Last Friday, U.S. District Judge William H. Orrick III, overseeing the growing JUUL litigation, issued a court order ruling to dismiss the Racketeer Influenced and Corrupt Practices Act (RICO) against the manufacturer. However, the company's bid to toss or put a stay over the lawsuits that claim the e-cigarette giant for fueling the vaping epidemic was rejected.
The company argued that the court did not have primary jurisdiction over e-cigarette marketing and the Food and Drug Administration (FDA) holds the authority. The company also noted that the claims brought by consumers and local governments are preempted by federal law.
Judge Orrick, in the order, stated that the allegations are taken as true and reasonable inferences and are plausibly supported over which relief can be granted.
RICO Act is a United States federal law usually brought for criminal penalties and a civil cause of action against criminal organizations, such as the mafia and large drug cartels. Over the lawsuits filed against JUUL, the RICO claims would have allowed courts to award triple damages for deliberately targeting teens.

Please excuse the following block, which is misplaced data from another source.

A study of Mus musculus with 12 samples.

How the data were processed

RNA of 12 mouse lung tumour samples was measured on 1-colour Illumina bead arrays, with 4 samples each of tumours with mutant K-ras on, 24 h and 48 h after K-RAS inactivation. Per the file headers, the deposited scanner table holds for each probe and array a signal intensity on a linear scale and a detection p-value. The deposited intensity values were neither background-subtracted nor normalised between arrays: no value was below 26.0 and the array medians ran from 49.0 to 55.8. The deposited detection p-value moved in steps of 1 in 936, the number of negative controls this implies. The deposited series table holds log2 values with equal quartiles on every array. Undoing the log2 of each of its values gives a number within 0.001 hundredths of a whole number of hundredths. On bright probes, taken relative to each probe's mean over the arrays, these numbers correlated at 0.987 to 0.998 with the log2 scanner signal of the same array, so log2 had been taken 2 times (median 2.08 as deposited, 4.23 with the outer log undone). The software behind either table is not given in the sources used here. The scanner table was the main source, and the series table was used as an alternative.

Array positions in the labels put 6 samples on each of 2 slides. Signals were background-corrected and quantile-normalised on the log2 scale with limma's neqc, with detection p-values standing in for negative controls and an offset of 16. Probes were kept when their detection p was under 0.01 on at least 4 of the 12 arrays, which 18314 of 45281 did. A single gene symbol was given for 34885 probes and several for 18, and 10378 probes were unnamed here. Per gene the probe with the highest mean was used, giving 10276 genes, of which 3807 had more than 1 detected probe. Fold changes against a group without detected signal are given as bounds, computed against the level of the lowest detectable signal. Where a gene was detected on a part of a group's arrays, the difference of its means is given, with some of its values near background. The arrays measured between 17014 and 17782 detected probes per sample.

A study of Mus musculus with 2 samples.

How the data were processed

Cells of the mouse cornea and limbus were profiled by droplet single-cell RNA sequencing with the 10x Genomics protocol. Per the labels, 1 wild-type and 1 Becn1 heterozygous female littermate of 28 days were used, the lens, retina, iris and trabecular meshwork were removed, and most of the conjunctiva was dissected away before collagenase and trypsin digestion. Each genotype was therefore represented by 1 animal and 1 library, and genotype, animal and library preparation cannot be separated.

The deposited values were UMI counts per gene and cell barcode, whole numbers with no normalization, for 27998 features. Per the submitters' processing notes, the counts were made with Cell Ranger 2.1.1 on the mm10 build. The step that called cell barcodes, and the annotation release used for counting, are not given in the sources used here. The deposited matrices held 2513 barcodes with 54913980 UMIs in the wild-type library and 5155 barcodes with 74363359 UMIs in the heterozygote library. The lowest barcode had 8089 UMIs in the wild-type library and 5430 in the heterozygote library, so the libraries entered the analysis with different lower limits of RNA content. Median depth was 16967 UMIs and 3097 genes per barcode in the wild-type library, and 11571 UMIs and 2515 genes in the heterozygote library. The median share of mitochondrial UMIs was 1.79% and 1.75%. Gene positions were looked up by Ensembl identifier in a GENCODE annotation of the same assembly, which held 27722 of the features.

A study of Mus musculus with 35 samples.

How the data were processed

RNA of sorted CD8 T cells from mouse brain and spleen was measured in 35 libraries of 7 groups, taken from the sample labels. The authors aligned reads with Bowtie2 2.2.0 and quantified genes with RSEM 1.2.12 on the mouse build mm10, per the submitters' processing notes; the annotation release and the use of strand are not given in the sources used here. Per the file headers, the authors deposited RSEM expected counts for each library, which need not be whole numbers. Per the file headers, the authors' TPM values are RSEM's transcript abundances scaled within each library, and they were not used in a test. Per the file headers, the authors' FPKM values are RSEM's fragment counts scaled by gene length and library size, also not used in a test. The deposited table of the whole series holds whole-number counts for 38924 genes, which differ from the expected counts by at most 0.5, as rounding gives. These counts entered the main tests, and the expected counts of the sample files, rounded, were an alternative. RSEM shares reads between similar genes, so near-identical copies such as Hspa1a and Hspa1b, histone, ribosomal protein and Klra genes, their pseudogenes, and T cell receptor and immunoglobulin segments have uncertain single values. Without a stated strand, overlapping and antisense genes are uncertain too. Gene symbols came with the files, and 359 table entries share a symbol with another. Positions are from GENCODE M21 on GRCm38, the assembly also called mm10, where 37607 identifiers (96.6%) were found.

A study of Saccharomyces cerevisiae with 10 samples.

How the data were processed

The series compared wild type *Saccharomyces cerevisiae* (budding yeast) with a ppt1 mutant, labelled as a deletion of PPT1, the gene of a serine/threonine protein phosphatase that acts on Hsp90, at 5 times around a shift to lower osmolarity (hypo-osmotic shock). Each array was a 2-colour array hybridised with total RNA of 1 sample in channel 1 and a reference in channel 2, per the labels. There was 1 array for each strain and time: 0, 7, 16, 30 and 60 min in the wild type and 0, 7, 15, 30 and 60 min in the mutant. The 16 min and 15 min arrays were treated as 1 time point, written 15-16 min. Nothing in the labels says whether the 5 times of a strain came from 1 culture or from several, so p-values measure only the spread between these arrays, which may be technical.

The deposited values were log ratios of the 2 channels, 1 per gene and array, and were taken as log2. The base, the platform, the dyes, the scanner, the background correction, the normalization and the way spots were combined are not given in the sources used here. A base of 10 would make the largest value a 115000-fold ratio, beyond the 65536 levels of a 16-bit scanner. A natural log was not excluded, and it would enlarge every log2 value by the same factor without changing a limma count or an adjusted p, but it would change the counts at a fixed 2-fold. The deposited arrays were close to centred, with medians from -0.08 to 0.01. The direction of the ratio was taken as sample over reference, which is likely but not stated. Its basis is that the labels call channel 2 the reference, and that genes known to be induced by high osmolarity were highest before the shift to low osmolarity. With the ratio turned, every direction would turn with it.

The use of e-cigarettes among high school students has increased 10-fold, from 1.5 percent in 2011 to 16 percent in 2015, due to its easy availability on the internet. According to a national survey of middle schools and high schools, 43.3 percent of schools had to implement JUUL-specific policy, along with an e-cigarette policy.
The first set of bellwether trials will begin in February 2022, which would involve a small set of representative claims that will undergo a case-specific discovery process to learn how juries respond to specific evidence and testimony that will be repeated throughout the litigation.
JUUL Labs Inc. is currently facing more than 1,100 lawsuits and class action claims, each raising similar allegations that the manufacturer created false and misleading advertisements for JUUL, plaguing the U.S. with nicotine addiction problems in recent years. The JUUL litigation has been centralized under MDL. No. 2913 in the U.S. District Court for the Northern District of California.